Making the Game Your Own
Making the Game Your Own
Welcome to Create a Lady Character Friday, where we take one of our favorite women and try to D&D them.
For our first post, we’re going to be transforming Princess Diana of Themyscira herself, aka Diana Prince, which isn’t as easy as it sounds. Wonder Woman is basically a divine being with super human strength and healing. But unless you’re playing a Level 20 character, that doesn’t work terribly well in game.
In our game, players use the Standard Array (15, 14, 13, 12, 10, and 8), so that’s what I’m going to be using to build this version of Wonder Woman—meaning she’s going to be more like a starter Wonder Woman.
So if you want to play a Wonder Woman inspired character, here is our Wonder Woman character sheet and a breakdown of how we did it.
For the race, you want either Human or Aasimar. I went with Aasimar (a Celestial race detailed in Volo’s Guide) because the gods granted Wonder Woman her power, and that seemed like a pretty compelling argument for a celestial race. In particular, Protector Aasimars have a feature that allows them to fly, which Wonder Woman can do depending on which iteration of Wonder Woman you reference.
Aasimar also has the advantage of giving Diana a +2 to Charisma. Wonder Woman is a fantastic orator, who inspires people to follow her example. But since I used the Standard Array, a bad stat had to go somewhere, and I decided to put it in Charisma since Wonder Woman’s only Charisma skill tends to be in Persuasion. She's not known for intimidating foes and she actively never deceives them, so a high stat score in those skills would be wasted. Plus the Aasimar +2 bump means that Wonder Woman isn’t bad at any skill.
But if you don’t have access to Volo’s Guide, a Human build would also work.
Then for the class, I chose a Strength build Barbarian. Barbarian is a good fit because the Barbarian tribes are set apart from the rest of society, reminiscent of Diana’s home of Themyscira. Now Barbarians are generally defined by their Rage, which Wonder Woman admittedly has very little of. But Wonder Woman is known for her love and sense of justice, which can just as easily fuel a rage like passion.
Now, just to give you a better idea of the character build, I’ve started her at Level 3. At Level 3, Barbarians get their Path, and in this case, I chose Path of the Totem Warrior: Eagle. Eagle is a natural fit thanks to Wonder Woman’s Breastplate, and the eagle powers makes her slightly more nimble during combat.
For her Background, I created a Diplomat Background, which draws on her longstanding experience working with other groups and nations. A custom Background is very easy to create under the rules detailed in the PHB. Generally, a Background gives a player proficiency in 2 skills, an additional language, some starting equipment, and maybe a tool proficiency.
Thus, a Diplomat Background allowed Diana to have proficiency in Persuasion and Perception, rounding out some of her skills that were left lacking by the Standard Array. You may also be able to use the official Noble Background to achieve a similar result.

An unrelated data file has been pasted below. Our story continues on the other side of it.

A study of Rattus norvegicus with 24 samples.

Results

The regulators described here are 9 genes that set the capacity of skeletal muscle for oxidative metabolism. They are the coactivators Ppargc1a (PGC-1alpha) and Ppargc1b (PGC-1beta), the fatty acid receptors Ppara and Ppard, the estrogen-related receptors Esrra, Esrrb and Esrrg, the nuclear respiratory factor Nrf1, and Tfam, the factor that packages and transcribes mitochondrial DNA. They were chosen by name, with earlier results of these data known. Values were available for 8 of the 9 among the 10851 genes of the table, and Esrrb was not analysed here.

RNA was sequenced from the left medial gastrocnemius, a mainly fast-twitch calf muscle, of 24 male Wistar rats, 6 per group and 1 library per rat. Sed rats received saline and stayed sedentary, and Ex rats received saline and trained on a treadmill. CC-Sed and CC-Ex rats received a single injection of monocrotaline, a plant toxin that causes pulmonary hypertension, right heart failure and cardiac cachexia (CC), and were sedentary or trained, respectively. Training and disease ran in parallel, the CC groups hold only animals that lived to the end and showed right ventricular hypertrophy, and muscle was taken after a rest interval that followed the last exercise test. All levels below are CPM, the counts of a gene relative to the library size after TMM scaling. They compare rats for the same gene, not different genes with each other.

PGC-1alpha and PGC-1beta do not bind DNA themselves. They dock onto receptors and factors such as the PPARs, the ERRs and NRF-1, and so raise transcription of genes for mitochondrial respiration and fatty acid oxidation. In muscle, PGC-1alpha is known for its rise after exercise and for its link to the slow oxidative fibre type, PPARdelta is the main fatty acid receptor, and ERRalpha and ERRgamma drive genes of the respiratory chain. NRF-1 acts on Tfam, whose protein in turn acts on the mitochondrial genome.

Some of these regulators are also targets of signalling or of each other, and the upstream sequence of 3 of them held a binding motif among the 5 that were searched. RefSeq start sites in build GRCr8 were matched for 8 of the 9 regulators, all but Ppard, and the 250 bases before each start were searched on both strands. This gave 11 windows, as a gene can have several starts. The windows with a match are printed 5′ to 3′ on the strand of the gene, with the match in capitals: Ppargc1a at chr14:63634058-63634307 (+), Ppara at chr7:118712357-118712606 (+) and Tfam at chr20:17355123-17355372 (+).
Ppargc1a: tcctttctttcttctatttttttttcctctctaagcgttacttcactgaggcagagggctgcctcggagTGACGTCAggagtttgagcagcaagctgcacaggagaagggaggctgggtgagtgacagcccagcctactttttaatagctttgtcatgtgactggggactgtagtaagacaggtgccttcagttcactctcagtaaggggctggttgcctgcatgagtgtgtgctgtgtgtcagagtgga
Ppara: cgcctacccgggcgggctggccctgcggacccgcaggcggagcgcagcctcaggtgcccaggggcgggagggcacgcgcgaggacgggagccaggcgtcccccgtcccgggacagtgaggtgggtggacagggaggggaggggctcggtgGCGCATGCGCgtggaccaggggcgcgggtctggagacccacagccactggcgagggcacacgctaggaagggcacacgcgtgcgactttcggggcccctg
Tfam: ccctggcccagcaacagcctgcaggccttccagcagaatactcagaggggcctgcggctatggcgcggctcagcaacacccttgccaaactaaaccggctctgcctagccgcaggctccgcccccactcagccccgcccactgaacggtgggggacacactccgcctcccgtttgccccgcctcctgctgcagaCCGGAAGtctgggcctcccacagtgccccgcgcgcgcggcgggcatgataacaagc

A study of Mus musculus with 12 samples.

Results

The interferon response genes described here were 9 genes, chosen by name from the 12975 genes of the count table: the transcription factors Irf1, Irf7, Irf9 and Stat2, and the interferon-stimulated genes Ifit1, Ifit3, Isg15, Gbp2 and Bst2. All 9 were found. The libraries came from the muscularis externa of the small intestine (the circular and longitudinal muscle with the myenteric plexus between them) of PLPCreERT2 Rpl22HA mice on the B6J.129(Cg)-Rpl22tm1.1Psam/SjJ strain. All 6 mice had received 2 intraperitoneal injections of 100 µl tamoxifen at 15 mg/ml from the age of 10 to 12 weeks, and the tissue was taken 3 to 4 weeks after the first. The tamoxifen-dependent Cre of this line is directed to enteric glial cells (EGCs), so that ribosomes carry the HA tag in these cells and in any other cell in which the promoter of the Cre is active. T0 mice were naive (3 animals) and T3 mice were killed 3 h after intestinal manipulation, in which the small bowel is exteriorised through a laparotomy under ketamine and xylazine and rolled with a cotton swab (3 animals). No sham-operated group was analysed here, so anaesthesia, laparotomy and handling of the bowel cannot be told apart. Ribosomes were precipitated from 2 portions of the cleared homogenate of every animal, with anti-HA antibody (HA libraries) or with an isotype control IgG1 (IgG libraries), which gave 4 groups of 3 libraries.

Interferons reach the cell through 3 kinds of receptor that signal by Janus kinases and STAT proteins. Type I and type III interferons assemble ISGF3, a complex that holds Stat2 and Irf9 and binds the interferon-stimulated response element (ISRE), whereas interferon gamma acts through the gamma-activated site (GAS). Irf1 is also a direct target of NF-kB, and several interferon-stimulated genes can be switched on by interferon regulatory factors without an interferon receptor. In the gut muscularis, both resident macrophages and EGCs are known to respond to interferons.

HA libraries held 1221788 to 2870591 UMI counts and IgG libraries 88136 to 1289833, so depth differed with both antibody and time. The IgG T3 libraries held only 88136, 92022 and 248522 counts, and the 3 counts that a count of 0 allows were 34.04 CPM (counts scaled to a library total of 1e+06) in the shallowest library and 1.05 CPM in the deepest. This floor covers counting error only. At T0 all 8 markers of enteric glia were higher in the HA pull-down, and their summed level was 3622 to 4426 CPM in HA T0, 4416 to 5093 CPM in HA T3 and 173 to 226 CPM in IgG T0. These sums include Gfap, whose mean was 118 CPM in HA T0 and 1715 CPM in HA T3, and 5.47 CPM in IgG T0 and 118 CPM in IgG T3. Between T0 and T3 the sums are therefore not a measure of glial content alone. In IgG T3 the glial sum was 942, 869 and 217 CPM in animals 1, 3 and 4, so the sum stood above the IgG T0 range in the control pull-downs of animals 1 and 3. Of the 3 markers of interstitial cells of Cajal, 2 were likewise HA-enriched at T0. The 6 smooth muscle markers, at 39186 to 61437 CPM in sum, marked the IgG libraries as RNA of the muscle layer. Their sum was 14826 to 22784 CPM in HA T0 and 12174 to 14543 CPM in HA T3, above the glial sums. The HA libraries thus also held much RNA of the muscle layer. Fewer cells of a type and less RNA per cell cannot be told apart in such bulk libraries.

Wonder Woman has some pretty dope equipment—not all of which she’ll be able to take into a D&D game. Her Lasso of Truth and Bracelets of Submission (worst. name. ever.) are basically game-breaking, so I’ve adapted them for D&D. The Lasso will allow her to use her proficiency bonus on Insight checks (to help discern if others are lying), and the Bracelets give her a +1 to AC. But if you wanted to make the Lasso of Truth ever more powerful and true to character, you could also give it some charges of the Zone of Truth spell.
While Wonder Woman in the movies has a sword, in the comic books she's usually depicted with an axe. For this build, we leaned into axes, which is consistent with a Barbarian's starting equipment. They also start with four javelins, which I subbed out for a shortbow and 10 arrows. The javelin is presumably meant to offer a Barbarian a ranged attack option (in addition to throwing the handaxes), and I decided a shortbow is more in theme with Wonder Woman.
Another iconic Wonder Woman item is her tiara, which is said to be so sharp it has cut Superman. I think she traditionally uses it as a boomerang type item, so for D&D purposes, we stat-ed as a dagger. A dagger in D&D can be either thrown or used in melee combat, so it's a close approximation to the tiara's function, without being overpowered. And speaking of turning her items into D&D weapons, you could ever stat her Lasso as a whip for combat purposes.
Like in the movie, our Diana Prince character also has a shield, which Barbarians are proficient in but do not get as part of their starting gear. For purposes of her build, I decided to start her with 10 less gold pieces than I thought her Diplomat background would grant her, in order to represent her purchasing a shield.
Playing Wonder Woman
While our lady characters are merely meant to inspire you, this character is a playable character consistent with most D&D rules. Even though she does have a couple magic items, she shouldn’t be game-breaking. In fact, in an effort to keep the character true to Wonder Woman, the character isn’t overly “optimized.”
What does that mean? It means that she has pretty low attack bonuses compared to other characters that can be created under the rules. But as Diana levels up and finds magic items, her Stats can also increase, making her more powerful.
If you decide to use our character as is, remember to talk to your DM first about whether or not it will fit in their campaign. You'll need to discuss:
It's about what you believe. And I believe in love. Only love will truly save the world. - Wonder Woman
Written by Rachel Paxton. She cried during the first fight scene in Wonder Woman and didn't stop until the movie ended. Finder her on Twitter @rachpax.